Representations of mental illness are traditionally menaced by two kinds of distortion, distortions that seem to pull in opposing directions. The first, and far the most common, is that the mentally ill are asocial, chaotic and violent, their ungoverned minds unfitting them for ordinary human civility, their dangerous impulses requiring surveillance, confinement and control.
The second is that mental illness is a kind of gift or blessing, a necessary if unwelcome companion to exceptional talent or great insight. This view, which owes a deal to late-Romantic views of creative genius, sees mental illness as the breaking-in of inspiration, setting the chosen one beside and beyond more ordinary ‘untouched’ souls. Although there may be a faint and occasional residue of truth in both, what is missing is any sense of the sheer domestic dullness of so much mental illness, the awful ordinariness of it. Although it might be tempting to say that ordinariness – or at least ordinary misery – is an enemy to art, Bobby Baker’s current exhibition at the Wellcome Trust, “Bobby Baker’s Dairy Drawings: Mental Illness and Me, 1997-2008,” suggests that, in the right hands, art and mental illness can by symbiotic.
Bobby Baker is a 58 year old performance artist. She is married to a photographer and has two grown-up children. Her best known work is rooted in the domestic and the mundane. Take Box Story which premiered in 2000. It involves the onstage unpacking of a Pandora’s box of assorted food and drink packets, each inside the other, a performance that starts with cornflakes and just-juice and lurches away into horror and farce. In the late 1990’s things began, in Baker’s words, ‘to unravel.’ Diagnosed with a borderline personality disorder, “distressed beyond anything I imagined it possible for a human being to be and remain alive,” her mind was torn apart by a psychotic breakdown. “I saw blood everywhere I went – smelt it too.”
At the beginning of 1997 she referred herself to Pine Street, a therapeutic communal day centre in Clerkenwell. She found herself a ‘sunny art room’ and made a strict rule: “to do a diary drawing every day.” The diary was supposed to last three weeks. She kept it for eleven years – though in time the daily drawings became weekly. Of those, one hundred and fifty seven are in the exhibition.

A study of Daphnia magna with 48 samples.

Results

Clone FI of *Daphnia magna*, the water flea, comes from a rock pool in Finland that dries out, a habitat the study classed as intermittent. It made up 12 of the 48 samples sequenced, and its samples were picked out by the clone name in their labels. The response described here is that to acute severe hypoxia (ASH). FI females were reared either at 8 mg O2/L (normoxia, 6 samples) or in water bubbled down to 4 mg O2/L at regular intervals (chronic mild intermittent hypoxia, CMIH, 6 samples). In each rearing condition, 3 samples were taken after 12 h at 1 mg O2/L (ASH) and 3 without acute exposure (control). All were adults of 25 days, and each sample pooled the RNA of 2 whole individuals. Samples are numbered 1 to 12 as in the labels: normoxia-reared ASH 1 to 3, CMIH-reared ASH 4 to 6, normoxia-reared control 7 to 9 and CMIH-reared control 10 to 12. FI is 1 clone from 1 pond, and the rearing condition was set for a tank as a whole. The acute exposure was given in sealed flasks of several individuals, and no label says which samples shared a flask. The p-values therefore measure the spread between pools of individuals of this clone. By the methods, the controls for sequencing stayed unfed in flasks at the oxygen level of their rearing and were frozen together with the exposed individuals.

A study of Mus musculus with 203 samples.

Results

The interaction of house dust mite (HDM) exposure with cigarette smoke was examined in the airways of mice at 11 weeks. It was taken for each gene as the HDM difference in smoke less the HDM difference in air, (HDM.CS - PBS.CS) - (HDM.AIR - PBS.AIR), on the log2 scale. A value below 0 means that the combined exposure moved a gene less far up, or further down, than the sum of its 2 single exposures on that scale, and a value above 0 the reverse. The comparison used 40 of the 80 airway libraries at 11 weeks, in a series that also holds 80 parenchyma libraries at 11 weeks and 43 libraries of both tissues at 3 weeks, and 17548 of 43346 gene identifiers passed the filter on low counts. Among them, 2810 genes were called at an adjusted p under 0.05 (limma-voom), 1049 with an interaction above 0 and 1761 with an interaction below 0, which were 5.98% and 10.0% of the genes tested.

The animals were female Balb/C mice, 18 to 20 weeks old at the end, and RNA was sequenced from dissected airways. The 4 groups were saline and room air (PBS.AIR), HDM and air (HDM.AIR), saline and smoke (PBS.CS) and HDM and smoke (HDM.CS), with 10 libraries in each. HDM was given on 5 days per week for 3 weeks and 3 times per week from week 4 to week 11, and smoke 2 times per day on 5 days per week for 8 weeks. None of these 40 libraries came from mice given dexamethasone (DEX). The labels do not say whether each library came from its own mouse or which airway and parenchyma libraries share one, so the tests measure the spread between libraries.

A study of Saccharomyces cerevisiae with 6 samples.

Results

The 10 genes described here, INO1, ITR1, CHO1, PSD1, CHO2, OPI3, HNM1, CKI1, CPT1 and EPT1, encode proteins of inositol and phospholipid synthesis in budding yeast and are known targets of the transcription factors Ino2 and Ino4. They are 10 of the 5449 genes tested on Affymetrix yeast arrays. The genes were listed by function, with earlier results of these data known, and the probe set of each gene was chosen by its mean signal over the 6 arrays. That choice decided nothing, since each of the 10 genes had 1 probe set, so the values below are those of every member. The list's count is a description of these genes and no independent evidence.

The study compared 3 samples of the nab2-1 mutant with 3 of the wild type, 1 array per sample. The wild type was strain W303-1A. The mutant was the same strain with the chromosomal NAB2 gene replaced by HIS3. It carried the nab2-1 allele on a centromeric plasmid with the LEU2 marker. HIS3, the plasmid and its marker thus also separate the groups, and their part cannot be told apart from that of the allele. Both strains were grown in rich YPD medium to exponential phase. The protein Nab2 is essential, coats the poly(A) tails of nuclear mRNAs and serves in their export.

Art therapy can make me uneasy. When I was in my twenties I went with a young friend – a talented painter who was going blind – to an exhibition of paintings by people who had lost their sight. As I wandered around the gallery I grew sadder and sadder. There was no avoiding the obvious: the pictures were awful. It was not art you were looking at, it was the faintest of hopes. Criticising the paintings felt like vandalising someone’s soul. When we came out I asked her what she thought of them. Terrible, she said. I wanted to cry with relief. She would paint until she could no longer see and then she would stop.
With art therapy, the therapy is usually the thing. The ‘art’ is a by-product. At the Wellcome Trust, Baker’s drawings are the thing. The daily ritual of making them may have anchored her, may have helped her momentarily distance herself from her horrors, but this is much more than art as therapy. Through a series of clever, coloured and unpitying cartoons she slowly builds a picture of what it means to live with a disintegrating mind. Sly, witty and precise, at times caustic, at times flatly horrific, she brings you as close as you probably want to get to the daily horrors of severe mental illness. This is fine biographical art, and, it needs to be said, the art of an extraordinarily courageous survivor.
Julian Sheather is ethics manager, BMA. The views he expresses in his blog posts are entirely his own.